CAIRO, Egypt—As Baghdad fell to coalition forces Wednesday, Middle Easterners from Egypt to Iran reacted with a mixture of hope and horror. There was relief that Saddam Hussein's regime was gone and that the relentless rise in civilian casualties probably would cease, but the presence of Western troops in an Arab capital evoked deep dismay.
"I feel defeated," said Gasser Abdel-Razek, a 34-year-old human rights activist in Egypt. "In my adult life, this is the first Arab capital to completely fall into the hands of a foreign power."
It took decades for Arab countries to win independence from colonial powers, and bitter memories linger. "The U.S. will eventually leave, militarily at least," Abdel-Razek continued. "Other occupation forces have left, but they have left us in a mess that we still haven't gotten over."
It was hard for some Arabs to accept that the fighting was ending. "I am very depressed," said Marwa Farouk, a 24-year-old Egyptian lawyer. "We had all hoped that the Iraqis would resist longer than this."
The absence of a fierce final battle gave rise to coffeehouse conspiracy theories, including speculation that Saddam's Baath Party officials cut a deal with coalition forces.
Some voiced anger at Saddam. "He fled in a disgraceful manner. He didn't fight," said Hassan Barari, a researcher at Jordan's Center for Strategic Studies.
In England, Iraqis in exile prepared to go home and bury relatives who were killed in the crossfire. Ali al Bayati, the leader of an exile group who lives in Manchester, England, said a friend had just learned that 10 members of his family had died in a shelling incident in the south.
Al Bayati warned that Iraqis won't accept outside rule for any period of time, either by the United States or the United Nations. "We think the Iraqi people are able to run their country and run their affairs much better than anyone else," he said.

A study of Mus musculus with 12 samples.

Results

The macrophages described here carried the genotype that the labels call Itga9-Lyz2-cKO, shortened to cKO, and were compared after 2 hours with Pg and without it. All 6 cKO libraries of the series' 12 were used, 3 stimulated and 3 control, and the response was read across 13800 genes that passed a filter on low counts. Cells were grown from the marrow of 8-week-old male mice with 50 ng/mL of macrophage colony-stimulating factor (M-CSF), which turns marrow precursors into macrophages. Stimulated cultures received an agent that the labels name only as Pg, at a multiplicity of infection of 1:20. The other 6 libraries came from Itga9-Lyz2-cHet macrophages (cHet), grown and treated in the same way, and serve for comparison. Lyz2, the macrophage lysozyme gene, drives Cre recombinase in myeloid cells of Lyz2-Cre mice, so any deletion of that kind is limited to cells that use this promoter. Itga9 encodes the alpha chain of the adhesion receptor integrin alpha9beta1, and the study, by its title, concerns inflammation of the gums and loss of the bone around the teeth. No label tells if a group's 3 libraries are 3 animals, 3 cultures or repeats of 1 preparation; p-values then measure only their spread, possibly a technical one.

In Saudi Arabia, Foreign Minister Saud al Faisal said U.S. and British military occupation must end "as soon as possible."
He added, "We are searching for a role to be played by the Iraqi people. The government we will deal with is a government that will be accepted by the Iraqi people."
Parliament speaker Mehdi Karroubi of Iran, a non-Arab Islamic country, said Iran didn't regard occupation of another country as a victory. "If the U.S. does not allow the Iraqi people to decide their own fate, it will be the beginning of a dilemma," he said.
Among Palestinians, where support for Saddam has been the strongest, it was hoped that the end of the war would mean Washington would turn its attention back to the Israeli-Palestinian conflict. Ghassan Khatib, labor minister in the Palestinian Authority Cabinet, pointed out that no Israelis have died during the past 21 days of the war, though 33 Palestinians have been killed.
"If (President) Bush wants to win over Arab opinion, he must pressure the Israeli government to accept the `road map' immediately," said Cairo bookseller Abdul Sattar, referring to a plan that would lead to the creation of a Palestinian state in 2005.
Throughout the war, Arabs have drawn parallels between Iraq and the Palestinians. Thanks to similarities in landscape and architecture, footage from the two conflicts has sometimes seemed interchangeable. Shots of tanks on the streets, of soldiers questioning civilians and buildings reduced to rubble suggested that hostilities could spread throughout the region.
On Wednesday, a new iconography began to take shape, as TV stations broadcast footage from a park in Baghdad that showed Iraqis and American soldiers working together to topple a statute of Saddam.
Mordechai Kedar, an Israeli professor of Arabic, watched the drama unfold on the al Jazeera network.
"I couldn't move," Kedar said. "It was so symbolic, what was happening in Baghdad, that this statute of Saddam was a hollow piece of bronze. It resembles the whole regime, which was a hollow thing with no support."
An al Jazeera announcer also watched as the statute was torn down.
"I don't know if today's sun knows where it is setting and where it will rise," he said. "It could be better than what has happened in the past, or it could be worse."
(Ackerman reported from Cairo; Youssef from Amman, Jordan. Also contributing to this report were Knight Ridder Newspapers correspondents Dave Montgomery in Riyadh, Saudi Arabia; Soraya Sarhaddi Nelson in Tehran, Iran; Fawn Vrazo in London; and Carol Rosenberg in Jerusalem.)
(c) 2003, Knight Ridder/Tribune Information Services.